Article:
Gov. Gavin Newsom signed a bill Friday that will increase the amount of money workers receive under the state’s paid family and medical leave program, providing a boost that supporters say will ensure lower wage workers are not locked out of a benefit they are already paying for.
Beginning in 2025, the state will pay up to 90% in wage replacement for new parents and those who need to take time off to care for a seriously ill family member or themselves. Senate Bill 951 by Sen. María Elena Durazo (D-Los Angeles) also ensures that the wage replacement will remain between 60% and 70% during the next two years after the rate was scheduled to return to 55% beginning Jan. 1.
“California families and our state as a whole are stronger when workers have the support they need to care for themselves and their loved ones,” Newsom said in a statement. “California created the first Paid Family Leave program in the nation 20 years ago, and today we’re taking an important step to ensure more low-wage workers, many of them women and people of color, can access the time off they’ve earned while still providing for their family.”
California workers automatically pay into the employee-funded State Disability Insurance program, which includes Paid Family Leave. However, many employees are either unaware of the benefits or say they can’t afford a pay cut in order to take time off. Higher-wage earners were four times more likely to use the paid family leave program in 2020 than workers in the lowest wage bracket, according to the California Budget and Policy Center.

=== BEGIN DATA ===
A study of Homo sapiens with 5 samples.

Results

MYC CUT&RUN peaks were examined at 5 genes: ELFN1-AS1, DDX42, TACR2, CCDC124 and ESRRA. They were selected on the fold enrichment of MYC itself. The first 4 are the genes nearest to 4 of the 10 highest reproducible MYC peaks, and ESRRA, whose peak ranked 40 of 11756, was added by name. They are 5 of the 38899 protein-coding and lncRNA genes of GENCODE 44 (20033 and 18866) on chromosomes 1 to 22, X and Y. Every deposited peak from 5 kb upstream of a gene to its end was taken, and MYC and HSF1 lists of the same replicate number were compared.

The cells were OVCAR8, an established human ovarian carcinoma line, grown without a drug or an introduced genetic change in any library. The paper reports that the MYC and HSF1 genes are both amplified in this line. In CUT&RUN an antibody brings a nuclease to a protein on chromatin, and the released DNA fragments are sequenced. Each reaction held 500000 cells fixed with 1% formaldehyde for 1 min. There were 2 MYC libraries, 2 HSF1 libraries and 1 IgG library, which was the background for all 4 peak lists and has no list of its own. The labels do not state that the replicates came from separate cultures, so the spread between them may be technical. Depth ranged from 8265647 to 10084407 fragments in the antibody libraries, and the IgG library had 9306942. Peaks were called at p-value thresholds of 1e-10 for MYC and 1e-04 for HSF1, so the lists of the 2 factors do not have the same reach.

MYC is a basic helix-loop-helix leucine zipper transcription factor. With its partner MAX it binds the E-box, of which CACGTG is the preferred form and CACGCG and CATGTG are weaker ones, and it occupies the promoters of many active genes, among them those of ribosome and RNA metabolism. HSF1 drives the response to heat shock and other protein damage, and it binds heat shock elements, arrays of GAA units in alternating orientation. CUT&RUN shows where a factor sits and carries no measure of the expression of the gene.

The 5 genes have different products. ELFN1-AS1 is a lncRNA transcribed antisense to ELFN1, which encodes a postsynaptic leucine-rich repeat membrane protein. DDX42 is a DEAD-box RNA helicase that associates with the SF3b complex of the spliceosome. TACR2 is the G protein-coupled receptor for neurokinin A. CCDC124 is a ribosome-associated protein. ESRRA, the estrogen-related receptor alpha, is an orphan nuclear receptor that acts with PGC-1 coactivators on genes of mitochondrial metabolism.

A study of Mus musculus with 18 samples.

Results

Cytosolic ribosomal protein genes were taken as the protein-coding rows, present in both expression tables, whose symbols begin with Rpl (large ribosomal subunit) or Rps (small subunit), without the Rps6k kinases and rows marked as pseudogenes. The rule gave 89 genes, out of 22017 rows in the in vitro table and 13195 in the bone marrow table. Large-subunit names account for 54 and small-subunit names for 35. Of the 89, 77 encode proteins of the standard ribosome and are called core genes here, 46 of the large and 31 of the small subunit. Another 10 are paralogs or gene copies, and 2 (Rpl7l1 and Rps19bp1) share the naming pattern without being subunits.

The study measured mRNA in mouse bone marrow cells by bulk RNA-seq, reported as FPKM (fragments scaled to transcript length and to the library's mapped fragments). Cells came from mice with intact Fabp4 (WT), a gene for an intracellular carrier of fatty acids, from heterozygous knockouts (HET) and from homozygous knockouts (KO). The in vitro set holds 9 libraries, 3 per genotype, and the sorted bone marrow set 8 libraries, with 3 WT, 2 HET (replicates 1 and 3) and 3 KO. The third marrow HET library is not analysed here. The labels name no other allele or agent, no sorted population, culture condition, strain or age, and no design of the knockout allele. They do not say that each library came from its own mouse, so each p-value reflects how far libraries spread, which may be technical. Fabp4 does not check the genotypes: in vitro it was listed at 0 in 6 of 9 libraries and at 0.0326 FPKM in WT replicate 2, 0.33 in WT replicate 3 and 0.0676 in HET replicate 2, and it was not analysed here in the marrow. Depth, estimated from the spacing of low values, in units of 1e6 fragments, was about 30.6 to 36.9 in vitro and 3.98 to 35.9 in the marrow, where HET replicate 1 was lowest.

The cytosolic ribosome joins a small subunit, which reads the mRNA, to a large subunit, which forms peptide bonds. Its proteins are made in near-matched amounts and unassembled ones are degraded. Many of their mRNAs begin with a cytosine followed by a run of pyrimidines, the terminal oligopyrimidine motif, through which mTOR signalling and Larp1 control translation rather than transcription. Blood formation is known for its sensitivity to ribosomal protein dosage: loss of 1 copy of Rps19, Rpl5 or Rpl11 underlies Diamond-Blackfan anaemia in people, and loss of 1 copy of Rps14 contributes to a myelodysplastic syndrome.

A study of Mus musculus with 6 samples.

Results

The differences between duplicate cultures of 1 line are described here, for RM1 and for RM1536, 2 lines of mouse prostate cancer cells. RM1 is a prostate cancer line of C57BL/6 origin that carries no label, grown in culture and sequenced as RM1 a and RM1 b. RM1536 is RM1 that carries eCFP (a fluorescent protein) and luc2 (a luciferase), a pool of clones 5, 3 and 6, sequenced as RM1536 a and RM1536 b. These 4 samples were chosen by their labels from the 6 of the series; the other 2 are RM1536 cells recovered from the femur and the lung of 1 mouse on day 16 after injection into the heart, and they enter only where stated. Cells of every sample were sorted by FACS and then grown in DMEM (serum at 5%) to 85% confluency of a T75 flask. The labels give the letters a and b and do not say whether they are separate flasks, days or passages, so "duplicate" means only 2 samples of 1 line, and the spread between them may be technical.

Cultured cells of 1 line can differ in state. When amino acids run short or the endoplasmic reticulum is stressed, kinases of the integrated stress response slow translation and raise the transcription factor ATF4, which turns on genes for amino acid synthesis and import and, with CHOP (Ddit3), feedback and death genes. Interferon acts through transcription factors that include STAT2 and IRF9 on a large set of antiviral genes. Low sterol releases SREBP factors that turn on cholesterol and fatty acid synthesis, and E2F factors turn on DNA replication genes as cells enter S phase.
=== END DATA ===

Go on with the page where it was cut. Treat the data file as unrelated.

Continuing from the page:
The law will provide 90% wage replacements to lower-paid workers, while all others will receive 70% of their pay.
Newsom vetoed a similar measure last year by former Assemblymember Lorena Gonzalez (D-San Diego), saying the bill “would create significant new costs” and “would result in higher disability contributions paid by employees.”
The state’s disability insurance program was created in 1946 to provide partial wage replacement benefits for employees unable to work due to pregnancy or non-work related illnesses and injuries. California expanded the program to became the first state in the nation to create a paid family leave program in 2004, which provides workers with partial pay in order to bond with a new baby or care for a seriously ill family member.
In 2020, the state increased the length of time a person can qualify for paid family leave from six weeks to eight weeks. Before that, lawmakers raised the wage replacement from 55% to 60% to 70% depending on a person’s average weekly wage, although that increase was scheduled to sunset Jan. 1 if Newsom did not sign AB 951.
The programs are funded entirely by an employee payroll deduction. Under the new law, the state will no longer have a cap on payroll tax contributions, meaning higher-income earners will pay more into the system. However, a legislative analysis of the bill said those added contributions will not entirely offset the approximately $3 billion to $4 billion in new benefits.